Peiwen Chen, PhD
Assistant Professor, Department of Neurological Surgery, Northwestern University
Targeting Macrophages and Microglia in PTEN-deficient GBM
Immune Checkpoint Inhibitors are Ineffective in Glioblastoma – Could LOX and OLFML3 be to blame?
Glioblastoma (GBM) is the most lethal form of primary brain cancer in adults. Scientists have been successful in categorizing GMB using genomic profiling and identifying the genetic alterations in core signaling pathways that drive certain GBMs. However, the promise of targeted therapies using this information have failed thus far. Dr. Chen’s work suggests that one reason for this failure may be the heterogeneity of the tumor microenvironment; tumor-associate macrophages and microglia (TAMs) can account for as much as half of the whole GBM tumor mass. Dr. Chen has identified two immuno-reactive cytokines (LOX and OLFML3) which seem to be particularly linked to the infiltration of TAMs in PTEN-deficient GBM. (PTEN is a type of protein that controls cell division and acts as a tumor suppressor.) Building on this finding, Dr. Chen proposes to target both macrophages and microglia in PTEN-deficient GBM and the roles that the chemokines LOX and OLFML3 might play. In PTEN-deficient glioblastoma, TAMs are immunosuppressive cells and preliminary data shows that by blocking macrophage infiltration, LOX inhibition activates anti-tumor immune response and synergizes with immune checkpoint inhibitors (e.g., anti-PD1 therapy).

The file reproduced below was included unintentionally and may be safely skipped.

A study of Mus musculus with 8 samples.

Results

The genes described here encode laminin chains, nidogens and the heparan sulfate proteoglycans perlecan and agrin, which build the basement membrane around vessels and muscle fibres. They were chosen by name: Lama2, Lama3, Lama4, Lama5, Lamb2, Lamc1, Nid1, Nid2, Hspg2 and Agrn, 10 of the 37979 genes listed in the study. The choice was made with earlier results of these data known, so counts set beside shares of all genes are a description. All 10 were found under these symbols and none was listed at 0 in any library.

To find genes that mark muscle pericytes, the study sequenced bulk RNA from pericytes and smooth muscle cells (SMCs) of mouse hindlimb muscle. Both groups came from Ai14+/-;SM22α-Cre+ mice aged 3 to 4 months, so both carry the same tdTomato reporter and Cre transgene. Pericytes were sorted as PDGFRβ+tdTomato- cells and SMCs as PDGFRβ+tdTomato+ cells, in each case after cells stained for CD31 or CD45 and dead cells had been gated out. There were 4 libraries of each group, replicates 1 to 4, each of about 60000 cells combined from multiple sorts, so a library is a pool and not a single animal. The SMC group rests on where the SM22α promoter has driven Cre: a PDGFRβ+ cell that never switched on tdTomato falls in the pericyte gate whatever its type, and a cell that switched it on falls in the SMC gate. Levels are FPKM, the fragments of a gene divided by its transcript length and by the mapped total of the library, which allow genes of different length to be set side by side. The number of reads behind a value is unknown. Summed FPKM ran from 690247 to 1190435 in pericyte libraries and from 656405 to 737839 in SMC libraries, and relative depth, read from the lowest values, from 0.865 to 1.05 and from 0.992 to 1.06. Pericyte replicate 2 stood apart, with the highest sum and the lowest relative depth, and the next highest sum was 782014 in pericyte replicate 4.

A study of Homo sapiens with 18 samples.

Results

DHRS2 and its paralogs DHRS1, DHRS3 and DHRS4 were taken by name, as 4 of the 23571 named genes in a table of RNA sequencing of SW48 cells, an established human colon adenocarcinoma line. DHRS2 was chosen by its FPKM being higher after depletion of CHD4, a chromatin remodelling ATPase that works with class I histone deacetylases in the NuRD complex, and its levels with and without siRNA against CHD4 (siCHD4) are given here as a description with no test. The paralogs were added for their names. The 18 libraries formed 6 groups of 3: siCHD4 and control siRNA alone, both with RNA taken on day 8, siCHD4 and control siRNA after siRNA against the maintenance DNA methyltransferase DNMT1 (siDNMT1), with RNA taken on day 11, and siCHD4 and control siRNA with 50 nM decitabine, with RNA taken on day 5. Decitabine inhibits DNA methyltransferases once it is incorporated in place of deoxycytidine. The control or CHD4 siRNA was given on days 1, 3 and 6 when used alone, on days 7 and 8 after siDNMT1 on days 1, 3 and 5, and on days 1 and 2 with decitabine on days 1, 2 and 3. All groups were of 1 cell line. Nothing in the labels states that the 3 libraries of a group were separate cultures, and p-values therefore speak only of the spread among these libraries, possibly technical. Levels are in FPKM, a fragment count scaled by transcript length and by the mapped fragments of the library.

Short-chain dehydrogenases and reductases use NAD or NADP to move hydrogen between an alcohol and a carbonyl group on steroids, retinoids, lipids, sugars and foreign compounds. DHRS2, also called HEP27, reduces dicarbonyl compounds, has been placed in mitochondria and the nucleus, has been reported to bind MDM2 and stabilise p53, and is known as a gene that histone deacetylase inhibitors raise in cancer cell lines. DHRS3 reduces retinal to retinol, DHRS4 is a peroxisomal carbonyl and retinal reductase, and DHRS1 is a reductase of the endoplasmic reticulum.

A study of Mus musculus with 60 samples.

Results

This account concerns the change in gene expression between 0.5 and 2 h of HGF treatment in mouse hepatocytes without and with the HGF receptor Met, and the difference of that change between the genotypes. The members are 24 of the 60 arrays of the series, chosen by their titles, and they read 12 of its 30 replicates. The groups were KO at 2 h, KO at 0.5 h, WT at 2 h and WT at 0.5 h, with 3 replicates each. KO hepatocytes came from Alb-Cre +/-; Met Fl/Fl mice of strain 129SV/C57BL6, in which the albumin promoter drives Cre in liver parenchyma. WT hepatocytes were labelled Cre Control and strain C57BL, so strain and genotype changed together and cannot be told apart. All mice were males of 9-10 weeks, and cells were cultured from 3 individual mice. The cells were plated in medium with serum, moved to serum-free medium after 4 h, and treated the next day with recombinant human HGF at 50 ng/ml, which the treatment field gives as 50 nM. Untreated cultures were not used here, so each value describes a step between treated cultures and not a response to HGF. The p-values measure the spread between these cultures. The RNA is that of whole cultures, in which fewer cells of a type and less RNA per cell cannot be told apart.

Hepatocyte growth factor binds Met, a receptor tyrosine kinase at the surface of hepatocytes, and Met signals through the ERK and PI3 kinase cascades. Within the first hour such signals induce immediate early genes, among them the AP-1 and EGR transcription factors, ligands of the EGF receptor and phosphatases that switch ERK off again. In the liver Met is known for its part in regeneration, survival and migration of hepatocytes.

By targeting macrophages and microglia by inhibiting LOX and OLFML3 and combining the process with immune checkpoint inhibitors, Dr. Chen hopes to develop new potential therapies. Through his CRF Young Investigator project, Dr. Chen plans to learn about whether and how OLFML3 is up-regulated by LOX inhibition and to potentially develop novel therapeutic strategies against this interplay by inhibition of both LOX and OLFML3. By employing integrated strategies combining gain- and loss-of-function approaches, using in vitro and in vivo systems, as well as proteomic and transcriptomic analysis, Dr. Chen hopes to uncover novel mechanisms underlying TAMs in GBM progression and immunosuppression and to provide new immunotherapeutic strategies for PTEN-deficient GBM.